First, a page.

You want something cheap? That can be ordered online? That’s immune from supply-chain disruptions? That doesn’t promote more screen time? That makes you look smart?
I’ve got the answer—a magazine subscription. Here’s my current stack:
Despite a harrowing 20 years where ad pages yielded (too) much ground to doomscrolling, there’s still plenty of excellent magazine writing. As a reader, I would go farther: I often prefer reading magazines to books. It seems slightly heretical to say so, but—
1) Magazines have editors and fact checkers who ensure a consistent level of writing. Books by famous authors get editors, but with others, you’re exposed whatever standard the author has set for themselves.
2) With magazines, you’re more likely to read about a surprising topic. (A recent New Yorker feature about space junk—?!?!—was riveting and terrifying.) With books, the time & cost commitment is higher, so one is more apt to avoid risk and clunkers.
3) Magazines can cover news and recent events. Books can’t. “Ah, but I have internet news!” I know. But there’s something about getting news from a weekly publication that nicely smooths out the jittery internet texture of Something! New! Every! Minute!, which at this point in my personal history feels like dragging my brain down an infinite cobblestone stairway.
4) Magazines often have great typography and layout. With books, all the budget goes to the cover. (Though if you want to see what’s possible with enough time & money, order a letterpress book from TOC Berlin, run by Susanna Dulkinys and Erik Spiekermann, author of the foreword for Practical Typography.)
5) Magazines are lighter and more portable.
My current subscriptions (I have no financial connection or other incentive to recommend):
My favorite subscription for many years. The drop from weekly to biweekly, the retirement of Adam Moss, and the sale to Vox Media were alarming. But it has persisted with top-notch writing and design.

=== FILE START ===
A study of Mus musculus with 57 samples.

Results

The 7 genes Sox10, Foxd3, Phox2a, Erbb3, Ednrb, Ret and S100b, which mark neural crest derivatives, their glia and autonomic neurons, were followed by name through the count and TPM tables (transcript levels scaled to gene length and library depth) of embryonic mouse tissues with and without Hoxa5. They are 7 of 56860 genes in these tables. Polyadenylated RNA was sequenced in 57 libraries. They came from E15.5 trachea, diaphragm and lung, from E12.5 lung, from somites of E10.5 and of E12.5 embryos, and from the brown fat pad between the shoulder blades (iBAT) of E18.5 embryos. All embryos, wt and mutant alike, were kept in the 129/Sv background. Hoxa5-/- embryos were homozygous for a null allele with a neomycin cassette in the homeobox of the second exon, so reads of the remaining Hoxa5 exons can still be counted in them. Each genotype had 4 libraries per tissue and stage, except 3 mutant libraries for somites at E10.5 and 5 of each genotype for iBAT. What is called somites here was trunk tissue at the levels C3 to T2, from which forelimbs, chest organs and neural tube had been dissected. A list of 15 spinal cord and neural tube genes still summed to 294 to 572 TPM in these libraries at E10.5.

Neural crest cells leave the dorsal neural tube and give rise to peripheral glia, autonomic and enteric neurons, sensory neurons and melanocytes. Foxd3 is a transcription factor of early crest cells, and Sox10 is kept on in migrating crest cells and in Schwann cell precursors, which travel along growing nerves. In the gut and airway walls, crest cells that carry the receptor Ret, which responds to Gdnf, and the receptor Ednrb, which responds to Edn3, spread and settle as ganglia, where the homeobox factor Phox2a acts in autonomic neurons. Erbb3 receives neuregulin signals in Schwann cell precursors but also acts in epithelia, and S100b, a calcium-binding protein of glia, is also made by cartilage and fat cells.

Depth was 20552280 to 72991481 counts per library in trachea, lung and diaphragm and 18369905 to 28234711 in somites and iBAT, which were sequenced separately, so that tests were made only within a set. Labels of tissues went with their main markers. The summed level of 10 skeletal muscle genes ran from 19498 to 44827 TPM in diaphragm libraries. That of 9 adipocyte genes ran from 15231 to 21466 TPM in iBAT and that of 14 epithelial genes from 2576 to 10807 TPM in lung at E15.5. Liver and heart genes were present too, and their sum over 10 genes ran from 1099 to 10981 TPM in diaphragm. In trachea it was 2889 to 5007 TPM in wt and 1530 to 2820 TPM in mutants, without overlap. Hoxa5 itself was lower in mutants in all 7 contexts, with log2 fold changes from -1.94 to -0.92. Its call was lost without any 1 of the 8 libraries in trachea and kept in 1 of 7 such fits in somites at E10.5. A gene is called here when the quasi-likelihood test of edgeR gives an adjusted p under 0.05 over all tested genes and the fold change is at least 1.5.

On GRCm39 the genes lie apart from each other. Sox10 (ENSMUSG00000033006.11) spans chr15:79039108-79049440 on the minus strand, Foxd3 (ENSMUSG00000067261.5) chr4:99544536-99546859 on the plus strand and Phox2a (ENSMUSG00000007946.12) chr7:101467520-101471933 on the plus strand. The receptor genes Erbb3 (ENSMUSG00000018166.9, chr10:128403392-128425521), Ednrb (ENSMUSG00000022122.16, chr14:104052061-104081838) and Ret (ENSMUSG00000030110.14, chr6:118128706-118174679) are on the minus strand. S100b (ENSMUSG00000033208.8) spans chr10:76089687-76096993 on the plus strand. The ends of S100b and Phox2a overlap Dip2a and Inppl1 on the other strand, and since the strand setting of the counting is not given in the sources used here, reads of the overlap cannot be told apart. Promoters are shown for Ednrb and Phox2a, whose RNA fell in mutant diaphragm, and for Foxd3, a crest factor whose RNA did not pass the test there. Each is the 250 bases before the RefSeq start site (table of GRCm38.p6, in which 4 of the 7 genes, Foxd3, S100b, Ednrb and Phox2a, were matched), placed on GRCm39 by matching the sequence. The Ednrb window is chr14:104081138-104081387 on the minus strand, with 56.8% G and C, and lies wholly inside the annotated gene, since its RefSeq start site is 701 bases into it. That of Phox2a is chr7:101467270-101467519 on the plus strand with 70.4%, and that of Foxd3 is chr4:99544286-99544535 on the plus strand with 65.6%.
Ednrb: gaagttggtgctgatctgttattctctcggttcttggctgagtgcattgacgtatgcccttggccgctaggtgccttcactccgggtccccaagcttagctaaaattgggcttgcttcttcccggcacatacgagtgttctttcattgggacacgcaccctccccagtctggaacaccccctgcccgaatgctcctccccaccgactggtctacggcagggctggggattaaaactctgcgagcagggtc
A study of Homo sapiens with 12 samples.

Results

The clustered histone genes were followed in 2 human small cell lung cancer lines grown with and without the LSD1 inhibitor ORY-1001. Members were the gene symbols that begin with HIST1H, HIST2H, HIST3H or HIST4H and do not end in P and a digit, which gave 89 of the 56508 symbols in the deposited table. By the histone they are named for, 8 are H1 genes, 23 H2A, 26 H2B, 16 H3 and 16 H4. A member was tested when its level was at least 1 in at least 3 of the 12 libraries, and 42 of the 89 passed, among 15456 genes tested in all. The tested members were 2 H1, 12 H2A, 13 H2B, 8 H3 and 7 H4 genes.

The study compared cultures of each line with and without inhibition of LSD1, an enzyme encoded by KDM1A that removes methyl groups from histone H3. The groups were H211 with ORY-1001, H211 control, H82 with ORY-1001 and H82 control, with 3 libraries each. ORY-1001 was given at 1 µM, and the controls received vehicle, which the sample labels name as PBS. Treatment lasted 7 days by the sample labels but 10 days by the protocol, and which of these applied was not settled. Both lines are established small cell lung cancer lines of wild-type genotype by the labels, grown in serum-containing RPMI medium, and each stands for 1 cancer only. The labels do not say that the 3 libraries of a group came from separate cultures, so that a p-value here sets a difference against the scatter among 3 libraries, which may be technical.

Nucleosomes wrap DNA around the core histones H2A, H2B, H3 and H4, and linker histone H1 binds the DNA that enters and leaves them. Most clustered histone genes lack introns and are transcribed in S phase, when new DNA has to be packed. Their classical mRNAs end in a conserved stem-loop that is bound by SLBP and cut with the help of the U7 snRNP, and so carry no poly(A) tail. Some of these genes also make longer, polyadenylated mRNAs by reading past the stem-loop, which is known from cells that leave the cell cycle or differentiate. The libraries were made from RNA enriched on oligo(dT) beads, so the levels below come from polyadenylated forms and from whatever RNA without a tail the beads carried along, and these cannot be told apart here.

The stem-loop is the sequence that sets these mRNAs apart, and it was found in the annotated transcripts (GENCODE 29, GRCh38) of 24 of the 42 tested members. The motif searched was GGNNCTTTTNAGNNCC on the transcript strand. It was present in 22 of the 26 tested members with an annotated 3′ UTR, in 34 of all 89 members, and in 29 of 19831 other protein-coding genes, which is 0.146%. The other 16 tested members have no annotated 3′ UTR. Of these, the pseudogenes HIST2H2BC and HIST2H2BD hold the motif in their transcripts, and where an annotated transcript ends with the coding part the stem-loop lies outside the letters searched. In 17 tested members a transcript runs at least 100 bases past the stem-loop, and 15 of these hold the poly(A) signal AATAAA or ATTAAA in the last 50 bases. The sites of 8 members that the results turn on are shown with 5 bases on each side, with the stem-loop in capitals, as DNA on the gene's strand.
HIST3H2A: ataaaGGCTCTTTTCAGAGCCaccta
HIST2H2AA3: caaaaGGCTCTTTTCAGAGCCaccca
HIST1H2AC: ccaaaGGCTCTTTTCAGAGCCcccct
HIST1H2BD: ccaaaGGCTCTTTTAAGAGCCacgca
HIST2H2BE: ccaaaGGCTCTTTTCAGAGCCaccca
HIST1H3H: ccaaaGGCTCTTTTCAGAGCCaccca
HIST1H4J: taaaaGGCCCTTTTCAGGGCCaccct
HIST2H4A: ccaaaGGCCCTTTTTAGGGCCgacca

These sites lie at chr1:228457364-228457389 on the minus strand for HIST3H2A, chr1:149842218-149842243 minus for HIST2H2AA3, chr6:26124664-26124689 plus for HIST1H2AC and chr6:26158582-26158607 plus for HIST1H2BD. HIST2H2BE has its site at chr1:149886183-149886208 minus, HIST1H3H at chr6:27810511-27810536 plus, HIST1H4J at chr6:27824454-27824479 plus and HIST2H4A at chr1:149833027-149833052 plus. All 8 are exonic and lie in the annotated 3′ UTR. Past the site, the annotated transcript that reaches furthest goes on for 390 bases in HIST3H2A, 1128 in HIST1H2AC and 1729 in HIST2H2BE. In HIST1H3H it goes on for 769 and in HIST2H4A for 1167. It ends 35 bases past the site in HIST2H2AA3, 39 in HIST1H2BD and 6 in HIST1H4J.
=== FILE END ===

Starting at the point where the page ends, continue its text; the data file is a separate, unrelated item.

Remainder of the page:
Expensive, and the jokes made at its expense are usually fair, especially those about their worship of whatever ancient deity demands a diacritic in coöperation but not zoological. But like New York, it does not falter, and it even arrives twice as often.
Highly nerdy about economic policy, excellent writing about politics and tech, and their features are deeply reported, like when they beat up on Carnival Cruise Lines.
I suppose many prefer The Economist. But I prefer the Guardian’s sense of humor, and deeper coverage of US news. I also never get tired of its beautiful custom font superfamily.
Can be hit or miss, but also weird and wonderful.
Excellent coverage of labor economics, including state & local issues like California’s Prop 22.
Some well-written moderate conservative viewpoints (which I enjoy reading, even if I don’t agree) though each month one must often trudge around a certain amount of immoderate ranting to reach them. Still, if you have a Fox News-loving grandparent and no idea what to get them, this will be a home run.
Often overlooked, and certain pieces presuppose a foundation in international policy that a general reader is unlikely to have. But the editing is really tight and consistent. When I have enough background to follow along, I really enjoy it. Underrated.
PS to those still leaning toward a tech-related gift: the Mozilla Foundation’s Privacy Not Included guide might convince you otherwise.
Reluctantly I am letting many of my magazine subscriptions lapse. As the 2024 presidental election looms, more of the coverage is shifting toward national politics generally and Trump in particular. I’ve read enough about this person for one lifetime. The only winning move is not to play.